Films depicting Biblical stories have quite the standard to uphold – the Holy Bible is not a book to be reckoned with – it is, in all intents and purposes, the gospel truth. It is the Word of God and it appears that tampering with what has been written can create controversies the likes of which can keep scores of people from viewing a well-made depiction of a scripturally-based account. The latest film to come under such scrutiny is the movie, Noah, written and directed by Darren Aronofsky. It is an epic tale about the life of God’s chosen man in the 6th chapter of Genesis, a man designated to salvage the remaining good in the world before God’s wrath for man’s wickedness wipes out every other living creature.
Genesis sketches a few details about the man Noah: he was righteous, he walked faithfully with God, he was asked by God to build an ark to hold his family and two of every creature to spare them from the flood, and he obeyed God. Most Christians grow up with a polished idea of a gentle old man with gray hair and beard who builds an ark and ushers in all the animals and when the waters from the flood subside God sends Noah a rainbow as a promise that he will not destroy the world by water again. And Noah builds an altar, offers a sacrifice and thanks God. What this beautiful scriptural sketch captures is Noah’s unchallenged faith in God, but the movie Noah attempts to paint this sketch with the colors of our humanity even while being faithful to God. The human struggle to do God’s will is clearly evident in this portrayal of one of God’s most faithful servants.
Some of the criticisms that have arisen about the movie include:
• At times it deviates from certain scriptural passages which may discourage conservative viewers. However, those who are unfamiliar with the story of Noah will be captivated by this man’s story. People who can quote scripture chapter and verse aren't the ones that need to see this. Noah is a deeply religious man PRIOR to Judaism. It's about the true meaning of religiosity that's at stake here. It is worth being drawn into the essence of having a relationship with God.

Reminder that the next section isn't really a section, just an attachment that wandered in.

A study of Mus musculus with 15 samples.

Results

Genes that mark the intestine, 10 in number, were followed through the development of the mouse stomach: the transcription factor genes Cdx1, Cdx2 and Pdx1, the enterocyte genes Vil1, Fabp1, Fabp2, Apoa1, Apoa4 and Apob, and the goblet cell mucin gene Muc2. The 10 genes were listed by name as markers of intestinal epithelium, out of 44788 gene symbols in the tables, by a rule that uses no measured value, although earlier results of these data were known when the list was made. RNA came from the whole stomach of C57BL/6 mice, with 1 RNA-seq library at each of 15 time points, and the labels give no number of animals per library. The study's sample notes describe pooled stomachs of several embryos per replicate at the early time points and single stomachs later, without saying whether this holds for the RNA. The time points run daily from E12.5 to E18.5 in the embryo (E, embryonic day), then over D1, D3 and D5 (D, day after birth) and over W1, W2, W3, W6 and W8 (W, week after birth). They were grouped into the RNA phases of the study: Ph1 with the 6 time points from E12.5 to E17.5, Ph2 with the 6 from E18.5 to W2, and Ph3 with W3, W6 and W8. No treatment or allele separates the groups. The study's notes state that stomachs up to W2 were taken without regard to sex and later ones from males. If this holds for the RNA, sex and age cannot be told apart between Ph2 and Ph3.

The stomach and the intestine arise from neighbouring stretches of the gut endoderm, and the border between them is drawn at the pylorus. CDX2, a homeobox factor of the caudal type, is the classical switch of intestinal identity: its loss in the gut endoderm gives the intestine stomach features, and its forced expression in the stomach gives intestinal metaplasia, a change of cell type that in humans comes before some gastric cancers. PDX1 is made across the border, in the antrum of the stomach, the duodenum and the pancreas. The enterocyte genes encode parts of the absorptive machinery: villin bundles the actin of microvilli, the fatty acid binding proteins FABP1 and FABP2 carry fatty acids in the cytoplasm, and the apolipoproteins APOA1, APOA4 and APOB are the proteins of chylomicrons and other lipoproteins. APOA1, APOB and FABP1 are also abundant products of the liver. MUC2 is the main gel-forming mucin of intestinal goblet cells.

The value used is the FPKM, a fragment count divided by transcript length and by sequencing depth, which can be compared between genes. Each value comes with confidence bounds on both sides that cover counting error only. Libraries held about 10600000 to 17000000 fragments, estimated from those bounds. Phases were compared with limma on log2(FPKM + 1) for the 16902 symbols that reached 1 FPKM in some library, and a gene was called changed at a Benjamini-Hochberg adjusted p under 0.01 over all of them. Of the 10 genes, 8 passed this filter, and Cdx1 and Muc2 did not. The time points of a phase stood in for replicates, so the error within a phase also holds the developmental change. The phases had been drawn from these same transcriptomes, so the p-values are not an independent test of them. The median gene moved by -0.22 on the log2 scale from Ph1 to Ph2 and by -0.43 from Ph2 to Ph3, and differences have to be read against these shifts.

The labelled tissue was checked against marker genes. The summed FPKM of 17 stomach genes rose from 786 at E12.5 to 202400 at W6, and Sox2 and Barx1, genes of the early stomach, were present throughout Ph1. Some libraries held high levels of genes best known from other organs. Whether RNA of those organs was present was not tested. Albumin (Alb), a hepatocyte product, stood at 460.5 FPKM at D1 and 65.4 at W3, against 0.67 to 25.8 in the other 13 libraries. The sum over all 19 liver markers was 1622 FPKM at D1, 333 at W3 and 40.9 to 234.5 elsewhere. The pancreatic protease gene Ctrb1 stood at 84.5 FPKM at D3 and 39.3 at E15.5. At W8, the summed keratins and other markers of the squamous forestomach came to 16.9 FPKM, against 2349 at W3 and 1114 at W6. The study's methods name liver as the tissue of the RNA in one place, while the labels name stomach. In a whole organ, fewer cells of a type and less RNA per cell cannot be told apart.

• God’s name is not mentioned; he seems to be absent from the film. Truthfully, God’s presence is an unseen character in this movie. There is no question about it. There was no doubt in my mind that when Noah is in communion with the Creator (that's what he calls him) that he is praying to God. Biblically speaking we didn't get a name for God until Moses climbed up Mt. Sinai and before the burning bush God reveals himself and his name. God is without a doubt an integral part of this movie.
Noah seems out-of-sync with the ancient way of life. The movie has a post-apocalyptic feel because of the chaos in the world at that time but it is inescapably modern in a sense, as well, because we're the ones that need to see, hear, and understand this. Our modern world has relegated religion to primitive naiveté. This movie brings the ancient and the modern together into a real-world vision of our past and our future.
Noah, the movie, is a must-see. Once viewers get over the shock that this is not Charlton Heston in The Ten Commandments and can see deeply into the conflicts, wounds, inner-turmoil and dilemmas of our human nature they may see the benefits of faith, love, mercy, forgiveness and healing. “It’s not the end of everything. It’s the beginning.”